In a recent post on earmarks and federal grants, I cited the crazy example of HUD’s Community Development Block Grant program funding facade renovations for a wine bar in Connecticut. Now a Michigan newspaper reports that Bell’s Brewery in Kalamazoo is looking for $220,000 in CDBG money to expand its facilities.
Federal taxpayers helping foot the tab for renovations to a local wine bar? It sounds crazy, but that’s par for the course with HUD’s Community Development Block Grant program.
Benjamin Franklin wrote that “in this world nothing can be said to be certain, except death and taxes.” Were he alive today, Franklin might add to the list corruption in federal housing programs.
While the Department of Housing and Urban Development is the federal agency responsible for most housing subsidies, the departments of Veterans Affairs and Agriculture also subsidize homeownership. In fact, despite the problems caused by federal policies to put people in homes with little skin in the game, the VA and USDA continue to facilitate zero-downpayment mortgages.
The Department of Housing and Urban Development’s Inspector General released a stack of almost 20 audits late last week. Although the reports aren’t earth-shattering, the fact that almost every audit found problems was a striking reminder of the bureaucratic bungling that comes with government programs, particularly at HUD.
Federal Housing Finance Agency director Edward DeMarco testified to the House Financial Services Committee this week on the state of Fannie Mae and Freddie Mac, which are currently under FHFA conservatorship.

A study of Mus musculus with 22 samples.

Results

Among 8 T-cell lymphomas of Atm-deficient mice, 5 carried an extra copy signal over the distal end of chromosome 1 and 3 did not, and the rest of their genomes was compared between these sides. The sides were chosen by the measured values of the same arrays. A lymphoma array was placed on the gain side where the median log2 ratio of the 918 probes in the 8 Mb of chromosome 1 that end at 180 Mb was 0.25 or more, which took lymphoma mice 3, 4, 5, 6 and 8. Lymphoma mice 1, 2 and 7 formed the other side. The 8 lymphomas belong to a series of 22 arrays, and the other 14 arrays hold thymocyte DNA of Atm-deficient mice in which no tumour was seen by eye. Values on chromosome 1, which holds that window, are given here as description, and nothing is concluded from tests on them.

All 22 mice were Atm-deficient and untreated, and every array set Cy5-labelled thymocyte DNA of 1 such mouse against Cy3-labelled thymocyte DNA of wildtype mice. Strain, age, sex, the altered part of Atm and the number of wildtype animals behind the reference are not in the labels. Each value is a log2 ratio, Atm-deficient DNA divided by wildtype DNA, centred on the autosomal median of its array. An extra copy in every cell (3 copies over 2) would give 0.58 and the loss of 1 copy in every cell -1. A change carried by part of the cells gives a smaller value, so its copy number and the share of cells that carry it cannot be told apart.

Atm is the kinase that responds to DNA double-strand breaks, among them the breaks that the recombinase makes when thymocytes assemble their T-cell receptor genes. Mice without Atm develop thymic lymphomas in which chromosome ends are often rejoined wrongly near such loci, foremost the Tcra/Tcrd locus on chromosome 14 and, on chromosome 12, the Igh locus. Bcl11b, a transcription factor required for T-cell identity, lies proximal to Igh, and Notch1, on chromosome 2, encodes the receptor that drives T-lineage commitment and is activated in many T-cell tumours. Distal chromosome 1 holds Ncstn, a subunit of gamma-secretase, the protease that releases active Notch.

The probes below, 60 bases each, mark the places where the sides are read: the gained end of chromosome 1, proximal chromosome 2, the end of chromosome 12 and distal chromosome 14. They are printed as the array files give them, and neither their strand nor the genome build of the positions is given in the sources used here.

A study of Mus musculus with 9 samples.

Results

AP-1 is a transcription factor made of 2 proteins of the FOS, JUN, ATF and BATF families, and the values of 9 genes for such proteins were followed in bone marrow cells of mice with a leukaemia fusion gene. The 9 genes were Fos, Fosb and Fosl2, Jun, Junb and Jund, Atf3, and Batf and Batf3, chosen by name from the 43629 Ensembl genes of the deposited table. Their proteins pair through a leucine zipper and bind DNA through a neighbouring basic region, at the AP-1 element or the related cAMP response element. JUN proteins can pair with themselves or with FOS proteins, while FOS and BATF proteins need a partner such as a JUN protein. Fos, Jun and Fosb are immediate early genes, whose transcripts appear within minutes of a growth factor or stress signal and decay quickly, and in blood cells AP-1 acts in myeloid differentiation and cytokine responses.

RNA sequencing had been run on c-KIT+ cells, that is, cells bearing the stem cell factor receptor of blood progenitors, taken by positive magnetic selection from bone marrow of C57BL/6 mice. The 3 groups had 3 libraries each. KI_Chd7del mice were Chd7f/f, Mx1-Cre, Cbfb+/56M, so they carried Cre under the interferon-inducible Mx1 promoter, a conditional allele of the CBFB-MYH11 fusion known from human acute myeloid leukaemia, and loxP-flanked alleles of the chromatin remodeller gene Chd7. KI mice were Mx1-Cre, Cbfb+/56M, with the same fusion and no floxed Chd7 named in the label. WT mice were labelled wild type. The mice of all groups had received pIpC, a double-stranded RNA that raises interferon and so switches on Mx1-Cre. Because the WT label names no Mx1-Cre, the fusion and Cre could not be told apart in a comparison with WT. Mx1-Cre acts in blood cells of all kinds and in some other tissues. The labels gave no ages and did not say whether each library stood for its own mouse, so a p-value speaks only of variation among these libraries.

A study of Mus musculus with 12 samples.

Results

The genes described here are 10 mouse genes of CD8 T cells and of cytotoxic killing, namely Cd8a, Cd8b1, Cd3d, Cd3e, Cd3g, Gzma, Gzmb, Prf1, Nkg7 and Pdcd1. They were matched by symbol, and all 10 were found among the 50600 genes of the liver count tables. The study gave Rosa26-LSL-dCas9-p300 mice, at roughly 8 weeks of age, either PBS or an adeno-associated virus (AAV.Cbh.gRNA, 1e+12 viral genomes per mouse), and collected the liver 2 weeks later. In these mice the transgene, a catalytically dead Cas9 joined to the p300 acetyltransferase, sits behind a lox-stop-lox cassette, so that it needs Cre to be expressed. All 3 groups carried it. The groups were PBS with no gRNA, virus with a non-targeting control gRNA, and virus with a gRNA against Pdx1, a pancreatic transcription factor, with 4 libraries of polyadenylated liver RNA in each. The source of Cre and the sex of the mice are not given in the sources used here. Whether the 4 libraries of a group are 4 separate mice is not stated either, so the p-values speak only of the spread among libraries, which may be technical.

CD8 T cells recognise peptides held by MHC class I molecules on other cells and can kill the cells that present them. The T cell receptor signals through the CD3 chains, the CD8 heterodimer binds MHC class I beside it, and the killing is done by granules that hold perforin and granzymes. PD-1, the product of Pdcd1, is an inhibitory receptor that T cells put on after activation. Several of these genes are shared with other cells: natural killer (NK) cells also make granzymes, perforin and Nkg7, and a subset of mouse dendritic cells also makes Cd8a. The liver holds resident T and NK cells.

The administration underestimated the magnitude of the economic imbalances that spawned the recession, and overestimated the government’s ability to quickly right the ship. Despite the Obama administration’s massive economic interventions, unemployment remains high and the economy is still sluggish. The administration has been defending itself by claiming that its actions prevented a worse recession or even a depression.
The Treasury Department and Department of Housing and Urban Development held a high-profile conference this week on the “Future of Mortgage Finance.” The federal government is currently backing more than 90 percent of new mortgages through Fannie Mae, Freddie Mac, and the Federal Housing Administration.
A new Department of Housing and Urban Development’s inspector general report finds that the agency initially required, and then “encouraged,” recipients of HUD stimulus funds to post signs indentifying projects as being funded by the Recovery Act. In other words, HUD pushed recipients to engage in political advertising, and to do it with taxpayer funds.